Egypt Uses Draconian Law to Muzzle Dissent
The military regime in Egypt issued, illegally by executive decree, an unconstitutional law banning all forms of assembly, requiring prior permission by the police, and meting out prison terms of up to 15 years for committing the 'crime' of waging a peaceful demonstration without permit.
Moreover, the law was implemented by a delinquent police force not above forging false charges with bought out judges handing down the maximum sentences provided by the unfair law, or the requirements of fair trial, on even little children. In addition, a 'presidential' decree abolished the statutory upper limit on the duration of provisional detention pending investigation and trial, making provisional detention a punishment by imprisonment that can be by handed down by administrative decision indefinitely.
In a bid to crush the spirit of popular revolt ,the law was used to persecute in particular youth activists, the heart and soul of the popular revolt.
To help enforce the unfair law, army and police tanks and armoured vehicles were deployed in main squares and streets. In particular, the famous Tahrir square, birthplace and icon of the popular uprising , as well as it underground station, was sealed off for many months in a row.
That was the fate of the first goal of the popular uprising, freedom was cruelly trampled on by heavy military boots. Less than a year from the official inauguration of the ruling president, tens of thousands were languishing in prisons so crowded that new prisons had to be built in a hurry. Many ended up dead during incarceration due to, deliberate?, lack of medical care with the official explanation invariably being: "sudden drop in the circulatory system".
In October 2015, a presidential decree sanctioned use of force against prisoners for a multitude of reasons including merely "refusing to obey an order".
The coup de grace, however, came when the president instructed the security forces, to shoot to kill suspected opponents on sight, in order to ensure swift justice, thus suspects opponents came to be liquidated on sight, with the mise-en scene of throwing arms next to their bodies and photographing the scene of the crime. The official media and government statements took pride in using the revolting term "liquidation".
The second major victim of the junta was the second goal of the popular uprising: social justice.
Many actions and decrees of the regime and its front civilian governments showed that a coalition between the military establishment and big capital was in control of the country that is being run for their benefit.
These were the masters of "new" Egypt and the rest, the vast majority of the population were their slaves. An intermediate layer of slave drivers, consisting of the army, police, pliant judiciary and sycophant media anchors in media platforms owned either by the government or big capitalists, were rewarded with huge financial benefits, at short intervals, sometimes with ludicrous justification as well as high prestige perks, like being guests of honour at presidential functions.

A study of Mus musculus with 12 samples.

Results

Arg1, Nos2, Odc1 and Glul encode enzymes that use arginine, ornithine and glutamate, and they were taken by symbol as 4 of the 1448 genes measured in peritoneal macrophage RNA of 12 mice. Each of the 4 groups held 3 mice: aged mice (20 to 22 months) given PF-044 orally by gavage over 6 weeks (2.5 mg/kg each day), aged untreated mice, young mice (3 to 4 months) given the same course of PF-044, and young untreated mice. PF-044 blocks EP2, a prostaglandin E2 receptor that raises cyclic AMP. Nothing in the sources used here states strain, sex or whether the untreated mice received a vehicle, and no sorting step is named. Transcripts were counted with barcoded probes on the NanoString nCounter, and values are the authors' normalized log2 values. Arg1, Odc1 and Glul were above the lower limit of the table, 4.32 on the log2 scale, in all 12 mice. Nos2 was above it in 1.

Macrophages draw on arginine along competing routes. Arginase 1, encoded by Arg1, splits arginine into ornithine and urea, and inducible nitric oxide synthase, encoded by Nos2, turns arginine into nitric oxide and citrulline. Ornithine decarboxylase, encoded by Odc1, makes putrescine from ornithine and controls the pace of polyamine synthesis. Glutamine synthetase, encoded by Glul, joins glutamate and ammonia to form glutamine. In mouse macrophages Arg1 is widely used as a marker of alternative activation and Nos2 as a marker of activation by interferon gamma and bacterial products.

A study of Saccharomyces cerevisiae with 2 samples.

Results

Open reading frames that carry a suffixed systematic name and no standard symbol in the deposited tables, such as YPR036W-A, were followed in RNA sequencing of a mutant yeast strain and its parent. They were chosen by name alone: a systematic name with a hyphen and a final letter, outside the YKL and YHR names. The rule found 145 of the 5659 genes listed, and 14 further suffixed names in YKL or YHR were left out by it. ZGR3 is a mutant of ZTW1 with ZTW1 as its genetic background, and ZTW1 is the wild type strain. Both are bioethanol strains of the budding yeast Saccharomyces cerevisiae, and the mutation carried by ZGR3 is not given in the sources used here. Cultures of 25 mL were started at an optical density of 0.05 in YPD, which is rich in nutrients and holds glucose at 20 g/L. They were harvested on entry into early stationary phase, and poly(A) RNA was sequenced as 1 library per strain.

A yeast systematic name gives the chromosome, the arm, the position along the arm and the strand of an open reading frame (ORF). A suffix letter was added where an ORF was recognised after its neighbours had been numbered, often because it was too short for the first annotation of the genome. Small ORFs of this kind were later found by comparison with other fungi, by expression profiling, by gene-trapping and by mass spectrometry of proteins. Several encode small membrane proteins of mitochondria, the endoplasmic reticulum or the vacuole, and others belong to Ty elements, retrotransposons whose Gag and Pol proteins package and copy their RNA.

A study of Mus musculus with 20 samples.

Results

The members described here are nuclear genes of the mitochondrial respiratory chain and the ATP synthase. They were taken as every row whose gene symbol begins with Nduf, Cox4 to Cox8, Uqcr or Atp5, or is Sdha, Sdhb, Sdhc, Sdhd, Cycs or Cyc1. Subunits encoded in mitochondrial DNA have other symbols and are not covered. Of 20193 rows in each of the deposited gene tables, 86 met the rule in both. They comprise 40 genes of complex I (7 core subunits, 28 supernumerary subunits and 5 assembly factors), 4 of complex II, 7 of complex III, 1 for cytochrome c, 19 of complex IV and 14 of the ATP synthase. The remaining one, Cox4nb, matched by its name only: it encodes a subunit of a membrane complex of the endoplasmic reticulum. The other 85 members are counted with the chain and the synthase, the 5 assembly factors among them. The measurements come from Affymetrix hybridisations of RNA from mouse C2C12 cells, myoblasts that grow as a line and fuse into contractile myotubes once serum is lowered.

A major indication of the lack of concern for social justice has been the military regime's failure to legislate and enforce the constitutional requirement of a minimum and a maximum wage-income limit. When an upper limit was legislated under popular pressure, subsequent administrative decrees excluded many categories of employees in privileged sectors, belonging to the class of masters and slave drivers, from its domain that it nearly lost its egalitarian purpose.
Taxation is another important case in point. Huge amounts, 11 billions of Egyptian Pounds (EPs) in one case, of evaded taxes by one ultra-rich family were forgiven by a presidential decree. A minor ( 0.5%) tax on capital gains was cancelled after the business community objected. The tax rate on the highest income bracket was in fact reduced while excessive indirect taxes, known to disfavour the poor, were imposed.
While the military went on an ostentatious buying spree of expensive armament. The poor were further punished with rampant inflation fuelled by higher fuel prices, due to the government discontinuing fuel subsidies and the systematic devaluation of the EP versus the US dollar , in an economy critically dependent on imports. Both mechanisms raised the prices of all services and commodities.
Thus, in addition, to unashamed oppression by destroying key freedoms, the military regime was faithfully implementing an even more vicious version of the new liberal "Washington Consensus" of savage runaway capitalist policies that resulted in the impoverishment of the masses under the previous stage of the same authoritarian rule regime.
However, to their eventual detriment, in their rush to capture the polity and the economy the MLTE were re-creating the objective conditions that prompted the popular uprising in 2011.